Dean Smith finds way to touch his former players even after death

SHARE Dean Smith finds way to touch his former players even after death

I never have respected Dean Smith more than I do now that he is dead.

Don’t misconstrue me: I’m not happy the former North Carolina basketball coach died. I’m only happy about the news that recently came from his will after Smith died last month at 83.

Smith ordered that his executor mail out a check for $200 to each of the 184 lettermen (Sports Illustrated’s count) he coached during his 36 years leading North Carolina’s program. That’s $36,800 total, if you’re keeping score.

His note to all those former Tar Heels was to ‘‘enjoy a dinner out compliments of Coach Dean Smith.’’

This just makes me happy on a number of levels. And I know it makes Smith’s former players — including George Karl, Mitch Kupchak, Phil Ford, James Worthy, Kenny Smith, Billy Cunningham, Sam Perkins, Brad Daugherty, Rick Fox, Bob McAdoo, Eric Montross, J.R. Reid, Jerry Stackhouse, Rasheed Wallace and a guy named Michael Jordan — happy.

Indeed, stories already have begun spreading that Jordan spent his check lighting a cigar on a Barca-Lounger.  Or lost it on the first tee. Not true, I don’t think.

In an NCAA universe where money is considered the root of all evil for players — though never for coaches — Smith’s gesture is a fresh one. Of course, the men are all plenty old enough to take graft from anyone they want. Smith’s last year of coaching was 1997, and the amount is nice but relatively insignificant.

Is it safe to say a lot of those former players are millionaires? Yes, it is. But this was unique as a gesture.

We used to joke the only man who could stop Jordan in a game was Smith. Lots of people thought Smith should have accomplished much more than winning two NCAA titles with the talent he had.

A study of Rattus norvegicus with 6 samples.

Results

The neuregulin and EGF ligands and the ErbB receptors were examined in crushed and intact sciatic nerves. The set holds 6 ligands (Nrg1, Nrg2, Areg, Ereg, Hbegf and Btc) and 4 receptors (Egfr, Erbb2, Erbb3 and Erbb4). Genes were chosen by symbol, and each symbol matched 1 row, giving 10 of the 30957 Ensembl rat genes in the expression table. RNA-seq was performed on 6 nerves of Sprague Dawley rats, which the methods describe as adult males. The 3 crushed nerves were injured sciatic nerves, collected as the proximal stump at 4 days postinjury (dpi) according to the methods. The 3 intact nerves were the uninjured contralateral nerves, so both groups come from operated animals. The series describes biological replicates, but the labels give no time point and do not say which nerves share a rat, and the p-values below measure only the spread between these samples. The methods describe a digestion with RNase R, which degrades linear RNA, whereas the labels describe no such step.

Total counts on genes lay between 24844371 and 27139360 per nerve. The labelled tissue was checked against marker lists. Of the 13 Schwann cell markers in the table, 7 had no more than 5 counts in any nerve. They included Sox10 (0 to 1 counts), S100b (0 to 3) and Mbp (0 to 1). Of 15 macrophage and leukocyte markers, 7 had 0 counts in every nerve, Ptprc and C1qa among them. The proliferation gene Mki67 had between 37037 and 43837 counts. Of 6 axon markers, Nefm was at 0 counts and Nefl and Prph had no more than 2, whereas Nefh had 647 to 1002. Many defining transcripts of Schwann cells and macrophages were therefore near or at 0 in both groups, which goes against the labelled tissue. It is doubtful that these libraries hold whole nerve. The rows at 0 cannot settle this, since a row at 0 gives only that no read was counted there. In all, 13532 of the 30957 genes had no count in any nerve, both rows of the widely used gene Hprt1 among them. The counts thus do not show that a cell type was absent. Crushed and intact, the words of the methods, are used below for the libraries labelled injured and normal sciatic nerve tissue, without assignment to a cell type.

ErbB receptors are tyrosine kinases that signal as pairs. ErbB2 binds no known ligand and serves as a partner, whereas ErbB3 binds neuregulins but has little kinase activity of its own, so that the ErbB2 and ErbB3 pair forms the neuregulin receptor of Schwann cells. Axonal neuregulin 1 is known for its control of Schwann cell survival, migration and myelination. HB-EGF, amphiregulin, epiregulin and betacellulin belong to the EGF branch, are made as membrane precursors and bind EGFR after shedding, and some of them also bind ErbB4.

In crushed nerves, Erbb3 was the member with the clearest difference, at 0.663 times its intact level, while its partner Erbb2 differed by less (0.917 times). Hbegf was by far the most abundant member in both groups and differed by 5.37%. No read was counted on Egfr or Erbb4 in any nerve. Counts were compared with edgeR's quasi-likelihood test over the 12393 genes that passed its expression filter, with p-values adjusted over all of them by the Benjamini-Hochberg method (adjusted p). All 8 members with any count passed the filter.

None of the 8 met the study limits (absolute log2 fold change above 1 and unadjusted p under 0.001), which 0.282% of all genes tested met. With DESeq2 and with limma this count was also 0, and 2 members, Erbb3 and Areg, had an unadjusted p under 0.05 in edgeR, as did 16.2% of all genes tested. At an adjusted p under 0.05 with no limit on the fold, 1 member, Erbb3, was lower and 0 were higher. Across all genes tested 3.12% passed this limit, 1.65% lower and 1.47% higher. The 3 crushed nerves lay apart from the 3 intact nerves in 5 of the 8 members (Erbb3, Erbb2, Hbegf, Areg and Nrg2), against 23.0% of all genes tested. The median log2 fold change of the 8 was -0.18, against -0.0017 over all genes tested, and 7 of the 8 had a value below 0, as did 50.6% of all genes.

They pointed to the Indiana-North Carolina game in the NCAA tourney in 1984, when Jordan was held in check by the marginally talented Dan Dakich. Told before the game by Hoosiers coach Bob Knight that he would have to guard Jordan, Dakich later would say his first thought was: ‘‘How has Indiana sunk this low?’’

Dakich, now an analyst for ESPN, is a funny guy, but he speaks some serious truth when asked about that matchup and Smith’s failings in it. And, conversely, Knight’s success.

‘‘If you look at the talent that coach Knight won with compared to the talent Dean Smith lost with?’’ Dakich said not long ago. ‘‘Hell, yeah, he outcoached him.’’

Everybody gets outcoached at some time. But Smith didn’t get outcoached with this money giveaway by anyone. What a wonderful way to say thank you to your pupils!

And with all the good cheer it spreads, it makes me wonder something: Why haven’t other coaches done this?

And while they’re alive. Smith didn’t make the tens of millions of dollars some coaches now make in a relatively short time. If he had purchased many years ago an annuity for a small sum of money — say, $5,000 — Smith could have had the $36,800 in compounded interest to pay the dinner bills for his old chaps easily.

So why doesn’t somebody such as Rick Pitino, John Calipari or Mike Krzyzewski give out, say, $100,000 a year to former players, especially those who could use it?

In some of these recent NCAA games, there have been shots made by players that literally earned their coaches $50,000 or more. The players, meanwhile, get nothing but another game to play in.

Sharing the love? Why not?

Coaches get money when their players get good grades, when they graduate. Nobody can stop a free American from gifting money to another one, except while you’re an ‘‘amateur’’ in the NCAA.

So hold it out there as a work reward once the NCAA can’t stop you anymore.

Think about it, rich coaches.

For now, all you North Carolina lettermen under Smith, bon appetit!


Twitter: @ricktelander

The Latest
Gov. J.B. Pritzker applauded the decision: “Since day one of this humanitarian crisis, I have heard one thing from migrant families and their advocates — they want to build better lives and work.”
Steele has been charged with six runs in each of his last two starts.
Mr. Hoge didn’t hesitate to sign off on the Mirage Tavern sting when reporter Pam Zekman pitched it to him while walking across the Michigan Avenue Bridge in 1977.
Gritty Peacock series set at the New York inn where elite assassins stay but don’t slay.